The government loyal to the Saudi-led coalition has threatened to stop paying salaries to employees in areas under its control if oil exports continue to be halted in Yemen’s eastern Hadhramaut and Shabwah governorates.
According to three officials loyal to the coalition, the pro-coalition government headed by Maeen Abdul Malik is facing an unprecedented severe financial crisis as a result of the continued suspension of oil exports from those ports, since Sanaa forces stopped the looting of oil through the port of Al-Dhabba in Hadhramaut last October, Saudi newspaper Asharq Al-Awsat reported.
The newspaper quoted officials, confirming that “the Bank of Aden’s hard currency reserves are decreasing significantly” and that it may be unable to pay employees’ salaries and provide foreign currency to import basic foodstuffs and fuel, not to mention the ability to control the currency rate against the dollar.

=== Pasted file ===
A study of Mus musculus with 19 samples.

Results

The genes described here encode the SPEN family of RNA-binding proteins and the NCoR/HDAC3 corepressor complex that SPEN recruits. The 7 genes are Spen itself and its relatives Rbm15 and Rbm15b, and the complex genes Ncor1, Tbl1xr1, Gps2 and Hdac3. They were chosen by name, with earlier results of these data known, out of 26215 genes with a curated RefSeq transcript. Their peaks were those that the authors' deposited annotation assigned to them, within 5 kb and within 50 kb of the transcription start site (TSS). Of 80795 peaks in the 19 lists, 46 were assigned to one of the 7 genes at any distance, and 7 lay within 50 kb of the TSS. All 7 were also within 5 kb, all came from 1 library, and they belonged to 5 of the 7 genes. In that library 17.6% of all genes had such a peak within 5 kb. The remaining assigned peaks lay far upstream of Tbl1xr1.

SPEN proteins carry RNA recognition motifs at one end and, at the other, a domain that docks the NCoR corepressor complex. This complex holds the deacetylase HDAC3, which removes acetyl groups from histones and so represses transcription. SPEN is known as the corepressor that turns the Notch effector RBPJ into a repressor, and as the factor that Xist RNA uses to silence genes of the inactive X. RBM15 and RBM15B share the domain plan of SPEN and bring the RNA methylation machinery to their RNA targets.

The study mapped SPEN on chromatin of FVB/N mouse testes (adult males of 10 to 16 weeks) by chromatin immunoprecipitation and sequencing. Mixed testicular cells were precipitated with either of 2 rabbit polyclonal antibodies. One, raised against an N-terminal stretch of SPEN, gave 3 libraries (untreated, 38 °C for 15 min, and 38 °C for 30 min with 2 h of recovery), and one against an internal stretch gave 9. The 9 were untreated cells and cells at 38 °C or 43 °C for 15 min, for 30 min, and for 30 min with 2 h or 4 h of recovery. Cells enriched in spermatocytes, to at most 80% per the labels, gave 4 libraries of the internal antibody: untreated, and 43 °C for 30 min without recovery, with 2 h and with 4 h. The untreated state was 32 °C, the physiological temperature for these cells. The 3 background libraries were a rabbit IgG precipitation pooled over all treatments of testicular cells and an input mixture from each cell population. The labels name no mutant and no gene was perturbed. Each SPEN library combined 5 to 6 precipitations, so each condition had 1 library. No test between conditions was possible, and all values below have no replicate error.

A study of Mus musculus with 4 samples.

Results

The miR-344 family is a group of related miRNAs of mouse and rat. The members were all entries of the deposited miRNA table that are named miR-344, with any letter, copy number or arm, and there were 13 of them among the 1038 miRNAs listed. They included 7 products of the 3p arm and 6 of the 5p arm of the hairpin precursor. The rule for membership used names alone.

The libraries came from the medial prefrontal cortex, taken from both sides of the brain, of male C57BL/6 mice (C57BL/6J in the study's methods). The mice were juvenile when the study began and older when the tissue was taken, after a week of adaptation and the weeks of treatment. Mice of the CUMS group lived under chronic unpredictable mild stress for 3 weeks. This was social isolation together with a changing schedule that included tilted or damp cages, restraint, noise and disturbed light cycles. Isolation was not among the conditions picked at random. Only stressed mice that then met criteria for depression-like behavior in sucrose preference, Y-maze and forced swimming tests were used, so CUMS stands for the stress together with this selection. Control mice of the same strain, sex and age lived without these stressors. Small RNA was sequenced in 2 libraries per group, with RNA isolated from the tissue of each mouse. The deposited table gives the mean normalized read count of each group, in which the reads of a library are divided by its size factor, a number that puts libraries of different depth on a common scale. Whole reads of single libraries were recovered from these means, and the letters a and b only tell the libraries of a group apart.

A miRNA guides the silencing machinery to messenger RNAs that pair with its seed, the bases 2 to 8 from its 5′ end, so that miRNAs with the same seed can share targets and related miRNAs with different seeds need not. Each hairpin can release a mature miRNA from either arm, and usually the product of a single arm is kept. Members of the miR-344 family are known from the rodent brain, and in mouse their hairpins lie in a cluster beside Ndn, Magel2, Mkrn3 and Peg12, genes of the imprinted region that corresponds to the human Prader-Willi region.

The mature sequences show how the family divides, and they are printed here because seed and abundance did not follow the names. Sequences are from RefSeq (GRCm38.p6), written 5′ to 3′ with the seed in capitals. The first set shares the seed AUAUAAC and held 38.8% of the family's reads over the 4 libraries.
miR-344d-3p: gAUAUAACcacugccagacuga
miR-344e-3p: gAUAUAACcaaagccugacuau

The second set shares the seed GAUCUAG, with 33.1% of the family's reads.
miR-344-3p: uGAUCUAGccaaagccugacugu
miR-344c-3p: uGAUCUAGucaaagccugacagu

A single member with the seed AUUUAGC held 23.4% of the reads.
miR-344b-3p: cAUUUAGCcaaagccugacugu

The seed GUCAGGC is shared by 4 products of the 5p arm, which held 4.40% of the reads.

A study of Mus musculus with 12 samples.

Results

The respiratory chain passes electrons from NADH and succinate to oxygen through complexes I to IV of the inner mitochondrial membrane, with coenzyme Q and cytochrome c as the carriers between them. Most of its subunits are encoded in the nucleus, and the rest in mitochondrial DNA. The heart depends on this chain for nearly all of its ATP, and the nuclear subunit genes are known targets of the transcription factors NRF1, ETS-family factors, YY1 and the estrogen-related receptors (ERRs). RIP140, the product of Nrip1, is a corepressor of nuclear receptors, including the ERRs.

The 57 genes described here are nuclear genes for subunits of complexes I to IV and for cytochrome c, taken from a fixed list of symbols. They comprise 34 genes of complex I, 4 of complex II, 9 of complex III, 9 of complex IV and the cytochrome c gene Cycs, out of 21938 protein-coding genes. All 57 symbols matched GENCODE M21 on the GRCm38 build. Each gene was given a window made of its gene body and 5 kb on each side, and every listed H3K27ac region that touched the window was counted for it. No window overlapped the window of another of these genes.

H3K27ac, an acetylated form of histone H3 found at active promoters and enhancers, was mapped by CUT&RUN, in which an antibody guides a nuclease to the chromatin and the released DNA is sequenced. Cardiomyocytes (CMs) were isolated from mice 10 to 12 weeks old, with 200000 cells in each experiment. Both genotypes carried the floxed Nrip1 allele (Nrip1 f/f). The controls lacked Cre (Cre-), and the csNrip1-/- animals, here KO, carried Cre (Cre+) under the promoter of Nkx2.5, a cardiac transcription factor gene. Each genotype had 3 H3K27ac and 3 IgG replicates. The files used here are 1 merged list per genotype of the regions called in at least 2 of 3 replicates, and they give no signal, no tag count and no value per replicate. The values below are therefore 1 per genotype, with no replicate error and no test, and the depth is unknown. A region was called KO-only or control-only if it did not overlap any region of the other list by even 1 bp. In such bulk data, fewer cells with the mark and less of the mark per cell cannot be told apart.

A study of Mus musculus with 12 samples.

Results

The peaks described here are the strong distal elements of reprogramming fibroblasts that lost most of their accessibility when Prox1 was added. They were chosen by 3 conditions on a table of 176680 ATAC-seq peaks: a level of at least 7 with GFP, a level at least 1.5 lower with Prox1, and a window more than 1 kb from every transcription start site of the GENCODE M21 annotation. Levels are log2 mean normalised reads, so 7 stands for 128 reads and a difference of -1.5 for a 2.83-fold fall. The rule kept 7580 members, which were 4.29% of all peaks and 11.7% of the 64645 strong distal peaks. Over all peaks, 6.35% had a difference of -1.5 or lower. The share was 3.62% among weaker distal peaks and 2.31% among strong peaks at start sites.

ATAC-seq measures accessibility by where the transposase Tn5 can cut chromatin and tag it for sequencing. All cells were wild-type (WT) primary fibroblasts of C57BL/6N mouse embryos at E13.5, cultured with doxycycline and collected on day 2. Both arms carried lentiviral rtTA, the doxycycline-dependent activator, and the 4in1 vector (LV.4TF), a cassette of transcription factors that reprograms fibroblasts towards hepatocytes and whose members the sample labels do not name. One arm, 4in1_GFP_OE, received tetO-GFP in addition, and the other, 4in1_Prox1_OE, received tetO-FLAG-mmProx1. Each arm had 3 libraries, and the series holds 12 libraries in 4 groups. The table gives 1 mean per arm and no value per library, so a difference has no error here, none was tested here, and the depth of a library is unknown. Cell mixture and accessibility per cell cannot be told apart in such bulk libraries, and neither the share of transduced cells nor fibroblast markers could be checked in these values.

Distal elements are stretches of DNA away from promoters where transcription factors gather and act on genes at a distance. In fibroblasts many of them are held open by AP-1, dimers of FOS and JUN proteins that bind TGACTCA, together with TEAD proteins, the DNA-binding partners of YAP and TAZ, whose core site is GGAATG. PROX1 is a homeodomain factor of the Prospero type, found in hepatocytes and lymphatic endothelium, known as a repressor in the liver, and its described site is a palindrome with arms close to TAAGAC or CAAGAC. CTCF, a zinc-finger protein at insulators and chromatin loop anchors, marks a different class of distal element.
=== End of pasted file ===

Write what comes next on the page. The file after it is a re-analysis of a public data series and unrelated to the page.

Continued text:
The amount of deficit in the general budget for this year reached by the end of May more than 80%, the paper said.
The paper reported that the pro-coalition government is betting to overcome the crisis with the support provided by Saudi Arabia and the United Arab Emirates, as well as the international support mobilized by the United States and Britain at international donor conferences.
It is noteworthy that the pro-coalition government is repeatedly losing the ability to control the stability of the local currency against the US dollar, which has led to an unprecedented rise in the prices of commodities and foodstuffs in the southern and eastern governorates exceeding the barrier of 300% for most basic commodities.